The Suburbs' Chan Poling: We've been studying Amanda Palmer
|Photo by Steve Cohen|
Plenty of Twin Cities faithfuls never stopped loving the Suburbs' horn-inflected rock found on '80s hits like "Love Is the Law" and "Music for Boys." But the long absence of new material and the members' shifts to other projects meant that their shows in recent years served as a look back at what had been as opposed to a statement of the present. But this year, things started to take a different shape when the band fell into step with Minnesota's shifting views on gay marriage.
The Love Is the Law show in downtown St. Paul brought out thousands of fans, and served as a musical guidepost on a new era in our state. Also, frontman Chan Poling decided that the renewed excitement meant that 2013 would finally break a 27-year drought for a Suburbs album. And they're employing a modern approach to get the album to the masses: Kickstarter. Update: The band has surpassed its goal, and raised $73k for the project!
Poling proves sharp as a golf tee in person, and dons a stylish pair of argyle trousers to systematically crush Gimme Noise at the Walker Art Center's extravagant putting course with holes designed by local artists. As we discuss his strategy for new album Si Sauvage, he correctly observes that my embarrassing scores -- like a scene from Tin Cup -- put me past the point of recovery. Later, over some cold drinks at Birch Steak, we learn more about the band's freshly debuted single, "Turn the Radio On." Needless to say, the Suburbs as a band appear to have more than recovered their '80s stride.
How did you pick "Turn the Radio On" to be the single?
We went to the Current and played it for nine of them over there -- the DJs, the program directors, and such. The whole record. There were three songs that had six of the nine votes apiece. It could've been one of three songs. I just decided "Radio On." I could tell live. We played it live in Milwaukee and at the Cabooze. Two big crowds. You could just tell the reaction. It was like the applause meter. Some thorough research. Plus it's a good summer song.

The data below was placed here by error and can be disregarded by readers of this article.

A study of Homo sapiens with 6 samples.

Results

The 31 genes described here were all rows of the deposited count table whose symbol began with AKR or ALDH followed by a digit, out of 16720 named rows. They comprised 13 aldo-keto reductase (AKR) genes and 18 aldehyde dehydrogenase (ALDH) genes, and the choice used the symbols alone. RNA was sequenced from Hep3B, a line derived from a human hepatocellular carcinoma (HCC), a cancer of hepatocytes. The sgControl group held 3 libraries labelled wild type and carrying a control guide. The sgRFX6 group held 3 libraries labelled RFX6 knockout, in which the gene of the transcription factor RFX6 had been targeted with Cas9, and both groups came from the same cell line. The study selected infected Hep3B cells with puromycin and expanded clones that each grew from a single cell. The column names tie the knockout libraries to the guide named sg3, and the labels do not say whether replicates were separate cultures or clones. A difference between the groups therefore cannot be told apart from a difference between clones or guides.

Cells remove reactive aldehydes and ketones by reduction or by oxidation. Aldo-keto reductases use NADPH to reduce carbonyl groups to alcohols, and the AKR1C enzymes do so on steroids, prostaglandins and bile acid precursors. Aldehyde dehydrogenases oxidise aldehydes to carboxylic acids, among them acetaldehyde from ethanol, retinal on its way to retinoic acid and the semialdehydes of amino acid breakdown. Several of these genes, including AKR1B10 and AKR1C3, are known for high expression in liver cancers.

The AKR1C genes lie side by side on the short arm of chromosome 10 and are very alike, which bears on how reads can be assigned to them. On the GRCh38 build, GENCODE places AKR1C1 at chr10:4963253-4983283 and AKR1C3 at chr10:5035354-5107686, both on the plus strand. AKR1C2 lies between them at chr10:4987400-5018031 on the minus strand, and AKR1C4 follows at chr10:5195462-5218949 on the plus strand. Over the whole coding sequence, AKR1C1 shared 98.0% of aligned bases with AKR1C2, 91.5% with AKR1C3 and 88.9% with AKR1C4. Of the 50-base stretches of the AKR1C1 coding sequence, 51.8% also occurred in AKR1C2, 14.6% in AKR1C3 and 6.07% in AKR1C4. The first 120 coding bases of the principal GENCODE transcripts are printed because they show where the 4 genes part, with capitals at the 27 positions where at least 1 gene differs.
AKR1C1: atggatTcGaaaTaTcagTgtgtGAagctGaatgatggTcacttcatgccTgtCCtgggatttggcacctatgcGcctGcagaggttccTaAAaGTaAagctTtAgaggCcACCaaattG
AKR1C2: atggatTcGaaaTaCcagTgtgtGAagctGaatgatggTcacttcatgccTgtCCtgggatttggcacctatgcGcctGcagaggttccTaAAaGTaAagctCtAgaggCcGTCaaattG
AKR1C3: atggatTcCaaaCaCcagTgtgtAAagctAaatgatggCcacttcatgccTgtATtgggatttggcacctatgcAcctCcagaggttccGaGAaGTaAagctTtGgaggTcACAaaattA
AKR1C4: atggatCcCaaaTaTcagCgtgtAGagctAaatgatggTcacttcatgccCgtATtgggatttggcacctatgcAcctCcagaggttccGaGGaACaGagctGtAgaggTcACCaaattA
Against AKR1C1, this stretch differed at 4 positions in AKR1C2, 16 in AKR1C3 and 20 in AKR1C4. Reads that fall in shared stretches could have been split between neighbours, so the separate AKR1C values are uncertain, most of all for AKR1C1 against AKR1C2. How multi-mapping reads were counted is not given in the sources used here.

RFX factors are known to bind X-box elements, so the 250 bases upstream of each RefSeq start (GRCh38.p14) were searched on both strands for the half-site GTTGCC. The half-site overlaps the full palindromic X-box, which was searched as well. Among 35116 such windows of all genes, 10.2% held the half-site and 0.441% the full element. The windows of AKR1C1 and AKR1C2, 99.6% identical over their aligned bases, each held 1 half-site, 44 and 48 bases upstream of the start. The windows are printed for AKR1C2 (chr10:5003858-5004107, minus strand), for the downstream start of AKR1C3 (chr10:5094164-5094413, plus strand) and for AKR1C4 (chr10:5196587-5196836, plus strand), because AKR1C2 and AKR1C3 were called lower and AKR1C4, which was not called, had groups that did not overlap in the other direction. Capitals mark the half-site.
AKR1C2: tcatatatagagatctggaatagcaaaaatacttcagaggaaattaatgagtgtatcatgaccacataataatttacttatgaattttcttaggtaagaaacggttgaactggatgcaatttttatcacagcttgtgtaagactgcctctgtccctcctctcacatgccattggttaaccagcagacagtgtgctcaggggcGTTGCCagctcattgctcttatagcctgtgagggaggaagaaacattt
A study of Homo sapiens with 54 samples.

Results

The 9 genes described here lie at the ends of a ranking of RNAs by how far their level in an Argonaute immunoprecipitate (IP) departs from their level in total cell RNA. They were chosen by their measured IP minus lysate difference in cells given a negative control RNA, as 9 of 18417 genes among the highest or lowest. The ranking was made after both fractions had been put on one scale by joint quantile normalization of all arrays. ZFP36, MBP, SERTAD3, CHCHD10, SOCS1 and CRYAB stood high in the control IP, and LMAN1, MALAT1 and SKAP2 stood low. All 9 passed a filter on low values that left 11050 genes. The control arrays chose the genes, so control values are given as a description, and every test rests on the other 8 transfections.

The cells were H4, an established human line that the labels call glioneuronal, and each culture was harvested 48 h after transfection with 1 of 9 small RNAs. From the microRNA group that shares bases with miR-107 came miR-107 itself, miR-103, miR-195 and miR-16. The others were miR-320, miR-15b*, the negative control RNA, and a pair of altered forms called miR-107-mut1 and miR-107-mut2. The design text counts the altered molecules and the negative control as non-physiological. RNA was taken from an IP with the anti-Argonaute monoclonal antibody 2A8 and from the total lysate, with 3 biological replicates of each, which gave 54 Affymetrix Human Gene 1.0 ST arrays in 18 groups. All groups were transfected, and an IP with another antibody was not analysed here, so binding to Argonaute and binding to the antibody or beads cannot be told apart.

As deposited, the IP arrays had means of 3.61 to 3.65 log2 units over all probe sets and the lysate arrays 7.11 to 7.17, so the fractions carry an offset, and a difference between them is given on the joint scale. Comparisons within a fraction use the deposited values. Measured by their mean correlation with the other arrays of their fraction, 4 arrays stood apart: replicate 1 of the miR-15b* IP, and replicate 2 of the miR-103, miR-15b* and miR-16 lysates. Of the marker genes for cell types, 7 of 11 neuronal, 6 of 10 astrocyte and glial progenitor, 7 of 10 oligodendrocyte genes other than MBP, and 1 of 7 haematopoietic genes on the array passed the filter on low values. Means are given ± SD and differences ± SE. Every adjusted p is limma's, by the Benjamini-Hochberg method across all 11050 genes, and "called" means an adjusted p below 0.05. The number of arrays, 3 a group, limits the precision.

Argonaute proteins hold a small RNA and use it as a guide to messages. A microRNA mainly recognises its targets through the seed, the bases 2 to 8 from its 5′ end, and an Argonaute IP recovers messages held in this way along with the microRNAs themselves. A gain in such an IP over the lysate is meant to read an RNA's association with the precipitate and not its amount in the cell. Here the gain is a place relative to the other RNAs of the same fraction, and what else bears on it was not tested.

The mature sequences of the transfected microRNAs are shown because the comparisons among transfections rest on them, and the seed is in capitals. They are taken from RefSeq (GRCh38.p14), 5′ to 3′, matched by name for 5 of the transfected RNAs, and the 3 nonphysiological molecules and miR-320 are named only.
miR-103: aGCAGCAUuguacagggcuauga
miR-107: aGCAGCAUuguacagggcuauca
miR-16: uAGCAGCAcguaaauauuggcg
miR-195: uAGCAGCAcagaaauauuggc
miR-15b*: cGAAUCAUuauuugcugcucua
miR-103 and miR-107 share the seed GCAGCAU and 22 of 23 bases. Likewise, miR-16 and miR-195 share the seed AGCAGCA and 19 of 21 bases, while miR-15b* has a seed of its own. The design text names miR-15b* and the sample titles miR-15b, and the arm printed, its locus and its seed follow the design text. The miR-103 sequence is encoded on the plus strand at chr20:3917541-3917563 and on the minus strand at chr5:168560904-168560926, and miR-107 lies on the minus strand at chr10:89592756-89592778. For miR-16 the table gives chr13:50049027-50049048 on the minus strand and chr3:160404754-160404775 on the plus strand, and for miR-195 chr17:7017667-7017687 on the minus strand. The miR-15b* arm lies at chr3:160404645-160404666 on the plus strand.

What is your personal experience with radio?
First of all, you gotta realize that's how we got our music. The radio was a big deal. When the Suburbs first started out, you wanted to be on the radio. That's how you sold records and how you got known. I remember the first radio I had. Probably a transistor [holds up his hand to show how small it would've been]. Back then, KQRS was the FM station. That was the station that played records and deep cuts. You'd listen to [Traffic's] "Low Spark of High Heeled Boys." It's a little more classic now. You could hear relatively underground and cool stuff on KQ back then. I never listened to top 40 pop radio.
I had an interesting high school life because my brother was four years older than me. He was really into music and his buddies were all artists. We were listening to Captain Beefheart. We listened to Miles and jazz and Zappa. We had a different kind of high school. The mainstream radio was Foreigner, Journey, and Toto when I was first hearing the Sex Pistols and Talking Heads.
It's pretty meta to choose radio for the subject of a song meant to go on the radio, no?
The meta reality of it didn't hit me because it came from singing words that take the form in your brain that the melody makes. Like Paul McCartney sings "Scrambled eggs..." and it turned into "Yesterday." I wasn't sure if "Radio On" was even a song. I was just singing it. Then I realized that it really resonated with me because there was a story there. Then I thought, this is so stupid. It's so simple. Can I really sing a song about turning the radio on and dancing? Once I could envision the actual scene, then I could sing about it and write about it.
And it recalls you dancing in the kitchen with your wife, Eleanor [who died in 2011], in Prior Lake.
And that Smokey Robinson was her favorite singer. That takes you out of the real world. That was her favorite thing to do. The "radio" in that instance is an iPod playlist that we made. Frankly, it's a metaphor. It's nostalgic and more conceptual than anything. It's such a bright and sunny horn line mixed with that minor chord.